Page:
I’m thinking about him tonight particularly because I was listening to Chicago/ the blues/today! In the car tonight and i realised I’m now playing versions of 4 of the 5 songs he contributed to that album.
I’ve just started singing “it hurts me too” in the band. We had been playing it modelled on Elmore James’ approach, sometimes in D, sometimes E. I could never sing it there, so left to the other vocalist. now that I’m the sole vocal ive shifted it to A and that reminded me that Jr Wells made a recording of it for this album
Tonight I was listening very carefully to his solo in It Hurts Me Too. I probably haven’t really broken down many 8 bar solos before so maybe I’m easily impressed, but i think what he does in this one is really something. It’s not that its difficult or very complex. On the contrary, its beauty is largely in simplicity combined with excellent tone and use of space contrasted with intensity. But there’s also measures 5 and 6 of the 2nd chorus which to me are pure brilliance on a par with Little Walter’s 1st position work (i think there’s a book in LW’s 1st position work)
at 1'39" in the clip above begins the part i'm talking about.
on a D harp he plays 2draw 3"draw whole step bend (EDIT: probably that should say the half step!listening to my recording i'm flat there every time i play it) 3 draw (A B C sharp if you like), then plays the octave split on 1-4 draw, he hits that twice then goes to the split 2-5 blow, 3-6 blow, 2-5 blow.
it took me a few listens to register that he goes to the splits in that part. you can play it with just the low octave notes and it sounds fine but the texture from the octaves is nice
because i tongue block and had learned to play the notes on the low end it took a little conscious effort to get my tongue to go the other side but easy really when i thought about it. id actually forgotten i could use the 3 blow instead of the 2 draw and i was trying to work out how he got the octave sound with the 2 draw...then the epiphany that its 3-6...much easier than id been thinking.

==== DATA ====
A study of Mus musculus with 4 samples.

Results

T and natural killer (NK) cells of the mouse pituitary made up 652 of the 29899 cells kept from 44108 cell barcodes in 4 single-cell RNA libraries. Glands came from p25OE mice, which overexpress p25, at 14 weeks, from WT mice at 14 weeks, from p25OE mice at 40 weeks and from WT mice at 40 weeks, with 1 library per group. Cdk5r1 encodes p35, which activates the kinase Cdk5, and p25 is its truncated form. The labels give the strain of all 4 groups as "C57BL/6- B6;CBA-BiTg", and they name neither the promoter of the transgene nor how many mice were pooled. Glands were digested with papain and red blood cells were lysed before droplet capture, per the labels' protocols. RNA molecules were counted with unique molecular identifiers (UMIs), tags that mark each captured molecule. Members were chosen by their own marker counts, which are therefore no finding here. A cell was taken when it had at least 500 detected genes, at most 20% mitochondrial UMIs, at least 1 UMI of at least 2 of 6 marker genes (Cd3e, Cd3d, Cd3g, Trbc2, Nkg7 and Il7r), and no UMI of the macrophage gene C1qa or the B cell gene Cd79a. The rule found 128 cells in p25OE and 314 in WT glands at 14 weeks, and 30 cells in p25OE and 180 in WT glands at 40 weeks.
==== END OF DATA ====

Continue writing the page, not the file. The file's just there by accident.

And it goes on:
anyway its a beautiful passage imho and the little run he uses to follow it is nice too
Last Edited by SuperBee on Jan 26, 2019 2:16 AM
this is a rough recording we made last night. the song is a bit long i'm sorry, but hopefully it isnt too horribly dreary to get through. i forgot the 3rd verse and did the 4th instead, then made it all go around again so i could do the 3rd before the 4th...made for a very long song but i'm calling it a learning experience
Last Edited by SuperBee on Jan 26, 2019 12:46 AM
There is no rule that just because a song is done in one key, that every subsequent version must be done in the exact same key. Rice Miller recorded Help Me in F, Junior (and almost everyone else) played it in A. There are a zillion examples of this in the Blues World.
One of the other things about Blues is that you don't need to go balls out on every tune. What Junior does on most of his tunes (especially in his later years) is get in, deliver a message with his solo and get out. What he plays depends on the groove of the song. Most 8 bar blues tend to be a vehicle for tasteful economy. There isn't a ton of time before the turnaround.
Some keys are easier for guitar players, others are easier for horn players. For us, we just switch out the instrument. The most important thing is that the key of the tune fits within the vocalist's range.
yeah our guitarist just insisted on playing slide in either D or E on a bunch of elmore james' songs. it was all about the guitar, so since i couldn't sing it there i let him sing it. when the guy left the band, that was a song i wanted to keep but i had to change the key for me. i'd forgotten about the Jr Wells take on the song because we'd been focussed on these slide-heavy versions. i enjoyed listening to Jr's version and trying to break it down.